Career opportunities, especially in the professional market, are keenly pursued and as people move from employer to employer, they sadly often compromise their long-term financial planning by not thinking through all the financial implications. One of the most critical things to consider as you change jobs is what to do with your retirement money.
When you leave your current employment, money which you and/or your company contributed towards your pension fund, becomes available to you. You then have the choice of either taking your pension fund money in cash, or reinvesting it in the pension fund of your new employer or in a retirement annuity or preservation fund.
What are your options?
1. To reinvest in the pension fund of your new employer
There are a few things you have to keep in mind before choosing this option. Firstly, compare the benefits of the fund of your previous employer with those of the new employer to make sure that you will still be receiving the same benefits. This is particularly important in view of the amount of cover offered under the provisions of the pension fund in question. Is your death benefit the same as the benefit offered by your previous employer? Do you still have life cover for your dependants or spouse? Does the fund offer any disability benefits? Once you have settled all these questions, you can make an informed decision.
2. To reinvest in a retirement annuity (RA)
A retirement annuity is a secure and disciplined long-term savings solution which offers a wide range of investment choices. Your investment in an RA can only be accessed at the age of 55 and cannot be attached by creditors. It does, however, have the benefit of potential tax and estate duty savings, as you can deduct your contributions – up to certain limits – from your taxable income, if you choose to continue making regular contributions to the RA. Just keep in mind that most RA funds do not offer death or disability cover.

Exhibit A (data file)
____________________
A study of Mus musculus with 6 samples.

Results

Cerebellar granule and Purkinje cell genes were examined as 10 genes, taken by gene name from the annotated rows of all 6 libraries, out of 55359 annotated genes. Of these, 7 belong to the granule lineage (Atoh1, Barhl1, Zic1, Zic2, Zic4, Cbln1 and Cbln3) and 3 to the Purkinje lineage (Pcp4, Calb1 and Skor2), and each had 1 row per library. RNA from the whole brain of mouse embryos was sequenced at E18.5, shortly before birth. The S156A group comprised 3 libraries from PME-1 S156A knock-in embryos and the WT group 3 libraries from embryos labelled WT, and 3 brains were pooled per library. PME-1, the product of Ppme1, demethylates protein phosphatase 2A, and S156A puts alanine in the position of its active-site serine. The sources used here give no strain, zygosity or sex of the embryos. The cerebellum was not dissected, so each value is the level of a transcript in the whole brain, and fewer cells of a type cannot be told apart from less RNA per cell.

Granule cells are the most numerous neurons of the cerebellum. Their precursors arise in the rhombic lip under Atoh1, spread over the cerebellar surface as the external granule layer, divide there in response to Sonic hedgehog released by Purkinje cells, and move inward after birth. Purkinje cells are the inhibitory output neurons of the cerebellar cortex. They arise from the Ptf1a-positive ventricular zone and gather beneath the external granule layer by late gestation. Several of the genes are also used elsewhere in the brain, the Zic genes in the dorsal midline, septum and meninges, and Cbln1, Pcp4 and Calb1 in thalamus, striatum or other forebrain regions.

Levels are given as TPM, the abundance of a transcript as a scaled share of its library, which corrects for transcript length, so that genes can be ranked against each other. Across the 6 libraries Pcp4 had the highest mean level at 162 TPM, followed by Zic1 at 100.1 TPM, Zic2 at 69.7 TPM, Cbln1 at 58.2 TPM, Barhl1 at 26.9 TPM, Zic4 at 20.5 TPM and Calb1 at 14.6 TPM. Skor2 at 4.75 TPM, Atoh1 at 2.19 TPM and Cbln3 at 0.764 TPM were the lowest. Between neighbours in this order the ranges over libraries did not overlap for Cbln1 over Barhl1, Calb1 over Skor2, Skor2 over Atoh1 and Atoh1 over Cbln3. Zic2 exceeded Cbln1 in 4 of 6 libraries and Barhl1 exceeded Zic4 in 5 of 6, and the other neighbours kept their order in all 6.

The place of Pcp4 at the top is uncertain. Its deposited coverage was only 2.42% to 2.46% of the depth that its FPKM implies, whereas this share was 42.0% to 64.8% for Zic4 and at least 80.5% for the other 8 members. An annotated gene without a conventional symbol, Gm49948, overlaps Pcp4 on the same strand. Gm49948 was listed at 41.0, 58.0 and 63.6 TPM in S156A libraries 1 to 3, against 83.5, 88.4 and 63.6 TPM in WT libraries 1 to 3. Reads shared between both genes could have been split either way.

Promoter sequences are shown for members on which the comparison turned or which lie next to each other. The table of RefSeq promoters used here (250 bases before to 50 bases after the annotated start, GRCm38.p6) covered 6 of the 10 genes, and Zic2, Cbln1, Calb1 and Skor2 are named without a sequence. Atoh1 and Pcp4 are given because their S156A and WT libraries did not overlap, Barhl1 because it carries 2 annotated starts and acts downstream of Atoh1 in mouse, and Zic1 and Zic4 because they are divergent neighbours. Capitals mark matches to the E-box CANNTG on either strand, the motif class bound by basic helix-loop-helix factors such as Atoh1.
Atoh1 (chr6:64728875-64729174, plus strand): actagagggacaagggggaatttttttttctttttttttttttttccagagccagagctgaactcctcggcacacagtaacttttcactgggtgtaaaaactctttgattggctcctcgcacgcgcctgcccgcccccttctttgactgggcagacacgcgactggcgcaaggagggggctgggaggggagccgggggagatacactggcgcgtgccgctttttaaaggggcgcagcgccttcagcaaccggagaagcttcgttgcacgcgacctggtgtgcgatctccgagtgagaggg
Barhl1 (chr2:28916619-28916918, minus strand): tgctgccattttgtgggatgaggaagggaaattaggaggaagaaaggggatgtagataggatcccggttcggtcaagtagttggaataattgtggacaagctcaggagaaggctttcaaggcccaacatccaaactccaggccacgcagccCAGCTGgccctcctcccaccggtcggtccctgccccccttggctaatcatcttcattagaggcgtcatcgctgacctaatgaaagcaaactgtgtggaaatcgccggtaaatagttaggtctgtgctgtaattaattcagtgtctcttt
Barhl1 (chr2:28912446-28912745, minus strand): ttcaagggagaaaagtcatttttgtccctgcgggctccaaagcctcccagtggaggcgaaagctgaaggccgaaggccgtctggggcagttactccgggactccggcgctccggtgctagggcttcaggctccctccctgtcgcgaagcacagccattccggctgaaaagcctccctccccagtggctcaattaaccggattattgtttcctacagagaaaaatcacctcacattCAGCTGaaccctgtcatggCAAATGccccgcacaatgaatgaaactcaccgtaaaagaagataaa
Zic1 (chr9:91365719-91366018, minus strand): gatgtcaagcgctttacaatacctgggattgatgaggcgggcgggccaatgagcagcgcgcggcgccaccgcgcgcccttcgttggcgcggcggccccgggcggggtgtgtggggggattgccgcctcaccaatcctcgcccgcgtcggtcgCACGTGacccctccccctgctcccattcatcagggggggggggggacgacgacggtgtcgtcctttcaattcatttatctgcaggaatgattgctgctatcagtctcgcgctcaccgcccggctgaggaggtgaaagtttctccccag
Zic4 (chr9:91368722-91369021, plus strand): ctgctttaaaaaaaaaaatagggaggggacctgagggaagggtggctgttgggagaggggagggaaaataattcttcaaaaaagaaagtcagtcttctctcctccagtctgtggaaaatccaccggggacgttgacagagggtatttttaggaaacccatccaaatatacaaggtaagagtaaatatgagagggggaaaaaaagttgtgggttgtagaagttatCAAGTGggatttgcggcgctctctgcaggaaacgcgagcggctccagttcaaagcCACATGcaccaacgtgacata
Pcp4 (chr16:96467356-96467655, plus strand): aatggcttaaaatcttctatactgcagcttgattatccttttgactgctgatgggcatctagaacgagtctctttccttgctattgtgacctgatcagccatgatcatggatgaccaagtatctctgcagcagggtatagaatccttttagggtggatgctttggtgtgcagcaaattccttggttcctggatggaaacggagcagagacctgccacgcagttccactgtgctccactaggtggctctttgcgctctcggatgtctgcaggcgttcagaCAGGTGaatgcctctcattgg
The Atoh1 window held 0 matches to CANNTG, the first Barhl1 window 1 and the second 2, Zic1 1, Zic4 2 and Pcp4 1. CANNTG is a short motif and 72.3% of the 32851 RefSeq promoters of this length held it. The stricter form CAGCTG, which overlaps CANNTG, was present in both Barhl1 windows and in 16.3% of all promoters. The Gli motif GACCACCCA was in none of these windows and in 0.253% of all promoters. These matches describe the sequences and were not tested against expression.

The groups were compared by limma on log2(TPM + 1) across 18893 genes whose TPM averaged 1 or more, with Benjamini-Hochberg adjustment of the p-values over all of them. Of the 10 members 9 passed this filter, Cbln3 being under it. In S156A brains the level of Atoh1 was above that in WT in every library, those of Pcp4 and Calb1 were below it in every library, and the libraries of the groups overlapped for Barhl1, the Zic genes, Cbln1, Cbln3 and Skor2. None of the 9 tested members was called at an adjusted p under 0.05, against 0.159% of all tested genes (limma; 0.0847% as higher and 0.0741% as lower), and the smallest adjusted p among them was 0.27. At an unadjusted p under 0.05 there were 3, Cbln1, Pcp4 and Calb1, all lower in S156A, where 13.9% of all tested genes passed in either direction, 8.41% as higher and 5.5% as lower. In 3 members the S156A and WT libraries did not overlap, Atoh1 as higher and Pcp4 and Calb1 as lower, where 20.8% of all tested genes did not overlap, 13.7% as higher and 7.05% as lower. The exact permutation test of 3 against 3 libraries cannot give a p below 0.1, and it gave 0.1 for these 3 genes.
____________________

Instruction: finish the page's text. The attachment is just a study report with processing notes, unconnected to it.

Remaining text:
3. To reinvest in a preservation fund
Preservation funds can be a great vehicle to preserve your retirement savings. They offer more flexibility than an RA in terms of access to funds, as you can make one withdrawal prior to retirement, which could be useful in the event of a major financial crisis. Keep in mind that transfers to a preservation fund are also tax free. Also keep in mind that most preservation funds do not offer death or disability cover.
4. To take your benefit in cash
This is probably the riskiest option and can be very detrimental in the long run, as you basically have to start your retirement savings again from scratch. This means you would have to save more each month in order to achieve your savings level required at retirement. You also run the risk of losing a huge chunk of your retirement savings to the tax man, and remember that a cash withdrawal is taxed at your average tax rate, which could be close to 41% depending on your taxable income.
To be safe, you need a full financial analysis every time you experience a life event (like changing jobs or the birth of a child). So speak to a qualified and accredited financial adviser before you make any decisions about your retirement payout.